International Child Development Experts Convene to Focus on the Significant Potential to Reduce Negative Outcomes Related to Childhood Stress Through Primary Child-Adult Relationship

Third Annual Simms/Mann Institute Think Tank Urges Neuroscience-Based Whole Child Approach in Provision of Early Childcare and Education

Nov 03, 2015, 18:00 ET from The Simms/Mann Institute

LOS ANGELES, Nov. 3, 2015 /PRNewswire/ -- Today, the Simms/Mann Institute brought together seven of the world's thought leaders in developmental neuroscience research, an economist and more than 400 professionals in the fields of education, business, philanthropy and medicine for the Third Annual Simms/Mann Institute Think Tank. The first-of-its-kind event showcased research on how early experience and environment, along with caring relationships, shape brain architecture.

At the conclusion of the Think Tank, the participating developmental neuroscience researchers issued the following joint statement:

It is understood that infancy and early childhood are critical for the developing brain to lay the foundation for adaptability and resilience. When this normal development is threatened or interrupted - as occurs in times of severe/toxic stress - children may be deprived of essential elements required for proper development. The impact of these stressors becomes predictive for somatic problems, poor socialization, emotional dysregulation and impaired relationships. 

Our research findings and clinical experience indicate there is significant potential to reduce negative outcomes related to stress through the strength of meaningful child-adult relationships. Early, quality engagement can prevent - and even reverse - some of the impact of stress on a child's healthy development. Resilience builds on attuned caregiving starting at birth -- being attentive to the child's temperament, developmental stage and communicative signals.  Attachment relationships provide the best protection from the toxic effects of stress.  

Neuroscientists demonstrate that the ability to change brain and behavior decreases over time.  Responsive interactions between infant and a primary adult (be it parent or caregiver) are therefore critical for setting the stage for stable and secure relationships throughout life, and inform the child's capacity to manage stress, regulate emotions and face hardships. From birth, it is essential to address the needs of the whole child, which means to understand that biological, cognitive, emotional and social capacities are interdependent and affect each other.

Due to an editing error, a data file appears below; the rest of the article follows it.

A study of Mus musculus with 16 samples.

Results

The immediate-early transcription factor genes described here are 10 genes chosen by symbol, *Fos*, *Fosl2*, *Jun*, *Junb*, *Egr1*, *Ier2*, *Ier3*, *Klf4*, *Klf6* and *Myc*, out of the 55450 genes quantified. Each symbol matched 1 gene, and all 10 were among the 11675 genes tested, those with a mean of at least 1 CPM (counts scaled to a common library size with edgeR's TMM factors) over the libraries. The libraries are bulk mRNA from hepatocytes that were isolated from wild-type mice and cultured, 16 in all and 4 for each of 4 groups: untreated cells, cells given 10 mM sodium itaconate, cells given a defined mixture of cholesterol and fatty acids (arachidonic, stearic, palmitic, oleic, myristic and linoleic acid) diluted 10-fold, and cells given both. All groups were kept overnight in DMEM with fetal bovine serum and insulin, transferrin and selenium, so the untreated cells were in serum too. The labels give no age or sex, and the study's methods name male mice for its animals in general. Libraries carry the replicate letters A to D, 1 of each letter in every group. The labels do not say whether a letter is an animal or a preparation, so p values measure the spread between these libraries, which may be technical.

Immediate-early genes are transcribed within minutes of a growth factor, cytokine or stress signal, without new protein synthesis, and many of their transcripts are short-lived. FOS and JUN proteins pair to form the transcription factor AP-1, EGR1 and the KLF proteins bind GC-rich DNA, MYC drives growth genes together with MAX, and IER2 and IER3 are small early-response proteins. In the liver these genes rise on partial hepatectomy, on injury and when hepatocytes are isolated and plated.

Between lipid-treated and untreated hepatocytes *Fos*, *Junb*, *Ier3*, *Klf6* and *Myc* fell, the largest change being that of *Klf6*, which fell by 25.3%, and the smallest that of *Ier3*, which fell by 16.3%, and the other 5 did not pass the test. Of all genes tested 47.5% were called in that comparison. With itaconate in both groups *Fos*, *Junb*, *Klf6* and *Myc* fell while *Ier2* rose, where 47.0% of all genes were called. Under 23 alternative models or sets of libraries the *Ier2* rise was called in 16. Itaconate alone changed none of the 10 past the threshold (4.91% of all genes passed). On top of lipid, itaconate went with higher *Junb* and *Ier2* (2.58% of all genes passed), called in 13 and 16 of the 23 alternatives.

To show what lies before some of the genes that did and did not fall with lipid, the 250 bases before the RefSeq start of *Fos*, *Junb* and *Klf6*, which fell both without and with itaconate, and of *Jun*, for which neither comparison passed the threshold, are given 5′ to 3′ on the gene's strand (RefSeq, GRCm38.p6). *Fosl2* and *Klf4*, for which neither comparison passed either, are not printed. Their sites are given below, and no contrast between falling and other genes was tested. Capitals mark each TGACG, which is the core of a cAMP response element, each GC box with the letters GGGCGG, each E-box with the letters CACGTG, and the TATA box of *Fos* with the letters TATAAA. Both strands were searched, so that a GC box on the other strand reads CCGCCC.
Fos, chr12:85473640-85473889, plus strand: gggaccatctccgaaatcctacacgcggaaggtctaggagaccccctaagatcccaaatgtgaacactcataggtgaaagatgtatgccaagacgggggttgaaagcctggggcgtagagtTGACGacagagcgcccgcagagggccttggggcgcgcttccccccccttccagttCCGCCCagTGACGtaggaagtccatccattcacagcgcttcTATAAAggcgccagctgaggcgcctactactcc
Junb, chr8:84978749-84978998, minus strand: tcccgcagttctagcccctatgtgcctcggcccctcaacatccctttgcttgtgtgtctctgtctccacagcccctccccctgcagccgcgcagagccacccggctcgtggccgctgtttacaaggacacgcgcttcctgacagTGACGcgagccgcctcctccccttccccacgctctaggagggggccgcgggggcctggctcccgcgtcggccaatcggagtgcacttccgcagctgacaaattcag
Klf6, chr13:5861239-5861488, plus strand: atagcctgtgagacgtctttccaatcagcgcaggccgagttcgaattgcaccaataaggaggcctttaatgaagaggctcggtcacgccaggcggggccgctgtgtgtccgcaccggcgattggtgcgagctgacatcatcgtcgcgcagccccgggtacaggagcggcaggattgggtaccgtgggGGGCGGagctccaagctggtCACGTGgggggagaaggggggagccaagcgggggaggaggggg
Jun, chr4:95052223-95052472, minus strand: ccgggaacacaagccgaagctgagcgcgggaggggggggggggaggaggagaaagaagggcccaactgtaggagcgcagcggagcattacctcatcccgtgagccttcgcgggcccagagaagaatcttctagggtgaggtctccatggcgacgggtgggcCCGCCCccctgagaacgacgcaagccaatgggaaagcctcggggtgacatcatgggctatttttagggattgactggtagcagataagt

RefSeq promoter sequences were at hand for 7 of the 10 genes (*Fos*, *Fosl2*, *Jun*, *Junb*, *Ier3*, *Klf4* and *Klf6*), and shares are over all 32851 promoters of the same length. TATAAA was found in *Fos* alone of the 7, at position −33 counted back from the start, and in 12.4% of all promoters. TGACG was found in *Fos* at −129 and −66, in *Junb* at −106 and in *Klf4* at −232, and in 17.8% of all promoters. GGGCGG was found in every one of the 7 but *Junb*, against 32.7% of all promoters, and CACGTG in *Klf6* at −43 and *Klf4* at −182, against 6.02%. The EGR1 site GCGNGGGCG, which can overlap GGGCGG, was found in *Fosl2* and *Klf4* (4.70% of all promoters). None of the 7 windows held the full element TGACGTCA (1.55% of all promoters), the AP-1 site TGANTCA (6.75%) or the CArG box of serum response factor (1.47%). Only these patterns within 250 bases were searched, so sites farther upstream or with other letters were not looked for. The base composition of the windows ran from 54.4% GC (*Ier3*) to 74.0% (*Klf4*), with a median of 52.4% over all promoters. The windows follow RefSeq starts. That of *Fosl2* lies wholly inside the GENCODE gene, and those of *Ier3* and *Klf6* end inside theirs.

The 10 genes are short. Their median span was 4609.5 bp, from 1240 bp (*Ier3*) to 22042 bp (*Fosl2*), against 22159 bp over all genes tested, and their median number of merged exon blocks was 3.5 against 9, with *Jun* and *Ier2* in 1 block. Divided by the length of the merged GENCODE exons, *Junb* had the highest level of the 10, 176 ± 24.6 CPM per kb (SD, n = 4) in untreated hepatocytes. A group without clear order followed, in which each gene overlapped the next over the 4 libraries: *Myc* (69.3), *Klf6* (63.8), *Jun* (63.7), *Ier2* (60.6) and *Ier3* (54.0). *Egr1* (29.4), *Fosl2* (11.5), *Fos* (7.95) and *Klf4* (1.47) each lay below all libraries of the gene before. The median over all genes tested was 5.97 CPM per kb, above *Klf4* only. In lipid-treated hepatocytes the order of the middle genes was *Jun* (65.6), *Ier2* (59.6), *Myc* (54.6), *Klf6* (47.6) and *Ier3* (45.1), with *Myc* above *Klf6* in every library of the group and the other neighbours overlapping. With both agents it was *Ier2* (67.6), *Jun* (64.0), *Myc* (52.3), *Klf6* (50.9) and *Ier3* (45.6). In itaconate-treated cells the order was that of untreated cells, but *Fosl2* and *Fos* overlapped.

Addressing the importance of a whole child approach, with a strong emphasis on ages 0-3, the Simms/Mann Institute has been working with the following researchers (and presenters at the Think Tank) to develop the joint statement:

  • Dr. Adele Diamond, Tier 1 Canada Research Chair Professor of Developmental Cognitive Neuroscience at University of British Columbia
  • Dr. Ruth Feldman, Professor of Psychology and Neuroscience at Bar-Ilan University, Israel, with a joint appointment at Yale University Medical School, Child Study Center
  • Dr. Peter Fonagy, Freud Memorial Professor of Psychoanalysis and Head of the Research Department of Clinical, Educational and Health Psychology at University College London, Chief Executive at the Anna Freud Centre, London
  • Dr. Nathan Fox, Distinguished University Professor and Director, Child Development Laboratory, University of Maryland
  • Dr. Patricia Kuhl, Bezos Family Foundation Endowed Chair in Early Childhood Learning and Co-Director of the UW Institute for Learning and Brain Sciences, Director of the University of Washington's NSF Science of Learning Center, and Professor of Speech and Hearing Sciences at the University of Washington
  • Dr. Pat Levitt, Simms/Mann Chair in Developmental Neurogenetics at Children's Hospital Los Angeles and the WM Keck Provost Professor of Neurogenetics at the Keck School of Medicine of the University of Southern California
  • Dr. Alicia Lieberman, Professor, School UCSF School of Medicine, Department of Psychiatry
  • Arthur Rolnick, Senior Fellow and Co-Director of the Human Capital Research Collaborative at the Humphrey School of Public Affairs, the University of Minnesota

In further support of the whole child approach, the Simms/Mann Institute also has created a public-private partnership with the Simms/Mann Institute Faculty Fellowship. This program seeks to bridge the gap between developmental neuroscience research and on-the-ground early care and education by advancing quality training and recognition of the childcare workforce. Thirteen faculty members from California Community Colleges and The California State University were chosen to become the 2015 Simms/Mann Institute Faculty Fellows, spending one year completing a project that translates neuroscience into practical research tools.

About Simms/Mann Institute
The Simms/Mann Institute for Education and Community Development was established in 2011 to address the complex issues facing families today. Technological advances, rapid globalization, and unpredictable economic conditions have fostered a competitive, over-stimulating, and stressful environment that threatens the healthy development of children and families in our communities. The Institute is unique in its philanthropic efforts by being positioned at the nexus of authentic, real-world solutions. For more information, visit www.simmsmanninstitute.org.